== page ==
Ouch that really hurts! Why am I in this pain?

We are all familiar with pain. You no doubt have experienced it at some point in your life. After spending hours working on the computer, you may have felt a nagging dull ache across the top of your shoulders into your neck. Suppose you have been less fortunate, and the pain you have experienced is a debilitating sharp pain. Many people experience intense sciatica in the lower back. That has stopped you from being able to carry out your daily activities. You are not alone. Evidence suggests that 80% of the adult population will have experienced back pain at least once in their lifetime.

Why do you feel pain?
Pain is more than a symptom. Pain is the body’s way of stopping us from doing activities that could cause more injury. When you overuse or overload a body region, you will experience pain. For instance, if you use an incorrect lifting technique. You are placing an increased load onto your spine. This load triggers the sensors in your back to signal your brain to protect yourself. Your brain recognises the risk and causes the huge muscles in your lower back to go into spasms. I am holding you still to prevent you from continuing to move in a way that risks further injury. This is a great protective reaction. However, as time goes by, this creates a problem. Because unless you stay still forever, you will need to move again.

We experience different types of pain at varying intensity levels to change our behaviour.


Why am I in this Pain scale from very mild to unimaginable
Pain scale from very mild to unimaginable

Do you know what different types of pain mean?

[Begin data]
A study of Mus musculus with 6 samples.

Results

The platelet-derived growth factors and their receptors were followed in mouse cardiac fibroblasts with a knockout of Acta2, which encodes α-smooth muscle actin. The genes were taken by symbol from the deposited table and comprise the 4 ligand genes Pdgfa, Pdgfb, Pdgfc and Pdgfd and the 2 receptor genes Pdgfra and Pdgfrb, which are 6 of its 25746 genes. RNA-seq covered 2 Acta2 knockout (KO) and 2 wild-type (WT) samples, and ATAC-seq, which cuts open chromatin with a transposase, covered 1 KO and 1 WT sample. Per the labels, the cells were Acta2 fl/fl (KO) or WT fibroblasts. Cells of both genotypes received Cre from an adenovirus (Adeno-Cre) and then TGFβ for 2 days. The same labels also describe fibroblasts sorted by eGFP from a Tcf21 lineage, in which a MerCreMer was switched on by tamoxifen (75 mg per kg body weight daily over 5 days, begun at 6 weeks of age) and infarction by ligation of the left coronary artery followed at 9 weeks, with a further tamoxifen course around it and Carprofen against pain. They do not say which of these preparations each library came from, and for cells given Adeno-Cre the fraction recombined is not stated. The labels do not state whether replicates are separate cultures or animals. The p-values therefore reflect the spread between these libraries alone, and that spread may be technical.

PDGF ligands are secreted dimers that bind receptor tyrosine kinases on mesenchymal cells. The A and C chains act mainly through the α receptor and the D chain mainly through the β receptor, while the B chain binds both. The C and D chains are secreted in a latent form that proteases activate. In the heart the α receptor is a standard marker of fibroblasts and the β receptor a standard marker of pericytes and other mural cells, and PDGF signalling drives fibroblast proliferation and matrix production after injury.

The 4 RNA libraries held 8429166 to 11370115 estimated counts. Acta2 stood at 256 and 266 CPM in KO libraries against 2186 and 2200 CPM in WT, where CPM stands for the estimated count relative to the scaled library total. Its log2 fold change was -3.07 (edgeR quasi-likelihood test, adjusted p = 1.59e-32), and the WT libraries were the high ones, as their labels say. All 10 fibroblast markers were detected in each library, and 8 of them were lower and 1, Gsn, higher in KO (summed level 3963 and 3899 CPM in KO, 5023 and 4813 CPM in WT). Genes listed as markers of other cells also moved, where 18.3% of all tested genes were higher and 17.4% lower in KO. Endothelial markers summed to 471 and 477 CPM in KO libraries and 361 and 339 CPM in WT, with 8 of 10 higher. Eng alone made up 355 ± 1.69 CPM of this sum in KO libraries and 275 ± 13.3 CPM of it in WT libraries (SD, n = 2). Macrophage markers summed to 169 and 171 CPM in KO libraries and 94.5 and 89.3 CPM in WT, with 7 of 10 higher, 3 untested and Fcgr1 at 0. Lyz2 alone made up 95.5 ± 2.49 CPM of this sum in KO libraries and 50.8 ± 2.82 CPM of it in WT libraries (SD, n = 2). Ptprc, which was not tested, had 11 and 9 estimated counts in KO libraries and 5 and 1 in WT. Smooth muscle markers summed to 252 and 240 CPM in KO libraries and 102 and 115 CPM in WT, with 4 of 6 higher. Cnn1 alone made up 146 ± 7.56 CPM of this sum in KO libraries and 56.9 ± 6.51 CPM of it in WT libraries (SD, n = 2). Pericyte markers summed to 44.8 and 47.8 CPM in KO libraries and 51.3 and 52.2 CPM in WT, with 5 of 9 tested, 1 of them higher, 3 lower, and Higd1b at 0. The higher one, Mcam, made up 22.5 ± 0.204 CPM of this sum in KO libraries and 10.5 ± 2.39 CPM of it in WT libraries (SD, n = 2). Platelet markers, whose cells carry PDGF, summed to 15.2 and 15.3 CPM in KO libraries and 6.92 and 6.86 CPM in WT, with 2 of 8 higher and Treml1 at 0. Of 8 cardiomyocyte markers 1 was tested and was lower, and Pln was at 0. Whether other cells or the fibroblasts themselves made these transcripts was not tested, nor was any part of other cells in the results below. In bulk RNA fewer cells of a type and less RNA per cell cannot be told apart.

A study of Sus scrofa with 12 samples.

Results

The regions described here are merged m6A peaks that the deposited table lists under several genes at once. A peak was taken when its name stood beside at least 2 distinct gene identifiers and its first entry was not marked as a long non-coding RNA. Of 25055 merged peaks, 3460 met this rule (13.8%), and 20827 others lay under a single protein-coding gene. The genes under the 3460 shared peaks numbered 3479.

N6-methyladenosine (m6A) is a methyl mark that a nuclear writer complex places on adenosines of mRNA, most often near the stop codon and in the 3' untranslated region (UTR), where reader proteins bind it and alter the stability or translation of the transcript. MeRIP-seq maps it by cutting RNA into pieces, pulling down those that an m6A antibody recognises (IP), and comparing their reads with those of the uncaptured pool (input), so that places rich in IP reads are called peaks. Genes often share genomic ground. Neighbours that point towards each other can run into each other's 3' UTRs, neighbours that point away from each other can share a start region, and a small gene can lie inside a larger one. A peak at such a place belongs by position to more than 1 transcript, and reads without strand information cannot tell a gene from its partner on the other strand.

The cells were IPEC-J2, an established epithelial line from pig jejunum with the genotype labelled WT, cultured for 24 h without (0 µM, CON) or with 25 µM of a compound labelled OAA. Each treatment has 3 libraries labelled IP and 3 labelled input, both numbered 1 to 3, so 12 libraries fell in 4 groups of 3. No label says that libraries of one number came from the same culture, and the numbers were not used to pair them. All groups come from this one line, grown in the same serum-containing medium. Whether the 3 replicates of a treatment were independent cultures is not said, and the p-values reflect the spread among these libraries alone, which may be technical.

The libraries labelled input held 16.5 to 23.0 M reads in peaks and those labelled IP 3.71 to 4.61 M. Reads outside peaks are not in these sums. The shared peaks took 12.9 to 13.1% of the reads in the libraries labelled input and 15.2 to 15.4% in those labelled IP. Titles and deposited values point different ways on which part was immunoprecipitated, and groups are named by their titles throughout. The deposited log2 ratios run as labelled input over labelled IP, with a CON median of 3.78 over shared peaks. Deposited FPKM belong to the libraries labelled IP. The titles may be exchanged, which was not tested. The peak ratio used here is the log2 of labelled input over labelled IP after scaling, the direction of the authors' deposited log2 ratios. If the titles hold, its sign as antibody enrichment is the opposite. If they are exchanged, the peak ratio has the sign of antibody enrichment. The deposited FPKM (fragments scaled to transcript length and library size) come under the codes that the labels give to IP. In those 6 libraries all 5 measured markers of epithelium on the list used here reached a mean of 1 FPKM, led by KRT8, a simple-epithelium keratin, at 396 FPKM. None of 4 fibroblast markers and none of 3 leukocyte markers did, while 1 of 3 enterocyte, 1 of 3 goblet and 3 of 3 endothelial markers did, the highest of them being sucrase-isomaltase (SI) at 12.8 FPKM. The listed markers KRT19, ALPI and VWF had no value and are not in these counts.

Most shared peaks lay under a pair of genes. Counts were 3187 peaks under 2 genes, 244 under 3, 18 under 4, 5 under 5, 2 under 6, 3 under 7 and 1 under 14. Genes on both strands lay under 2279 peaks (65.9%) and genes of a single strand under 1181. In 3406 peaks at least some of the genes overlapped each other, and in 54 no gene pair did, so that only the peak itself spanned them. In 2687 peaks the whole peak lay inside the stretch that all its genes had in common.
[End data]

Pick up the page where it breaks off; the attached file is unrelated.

Pain can vary in both intensity and type. Above we explored the intensity of pain. Now let’s look at the kind of pain you experience. Pain can be sharp, dull, achy, throbbing, stabbing or burning. Pain may be constant or intermittent. You may also experience pins and needles with your pain.
The different characteristics of pain give us an idea of the structure you may have injured. For instance, dull and ache-like pain is usually associated with muscle fatigue. At the same time, a catchy sensation results from inflammation around a joint. A burning pain that radiates into the limbs is from nerve irritation or damage. The inflammation around the nerve causes pain to travel along the length of the nerve.
Pain intensity may change over time. When you feel pain and fail to respond to the original injury, your brain will increase the pain you feel. This is a protective response from your brain to change your actions or activities. We often see patients with what started as minor elbow or shoulder pain. Progress to the loss of ability to lift a cup of coffee or raise their arms overhead. By failing to seek treatment for your pain early. Your brain says: “I have asked you to stop that action with a little pain and muscle tightness. Now, I need to increase the pain and muscle spasms to protect you.” This sends a clear message: stop, heal, and change your actions.
So what should you do to reduce pain and get to a point where you can live the life you desire? A life where you can carry out the activities you love?
Like how we experience pain when the body is injured, you experience a decrease in pain when the body is healing. You heal an injury by improving the range of motion available to you. This is achieved through massage, traction and adjustments. After improving movement, you improve postural control or stability. This is through the use of functional exercises designed to increase stability. The increase in movement and control causes positive information to be relayed to your brain. The result is experiencing a decrease in pain. At this point, it is important to mention that because we do not feel pain does not mean that our body has been fixed. Read our post on the sensorimotor system to see how an injury could affect your brain. Making you more susceptible to injury.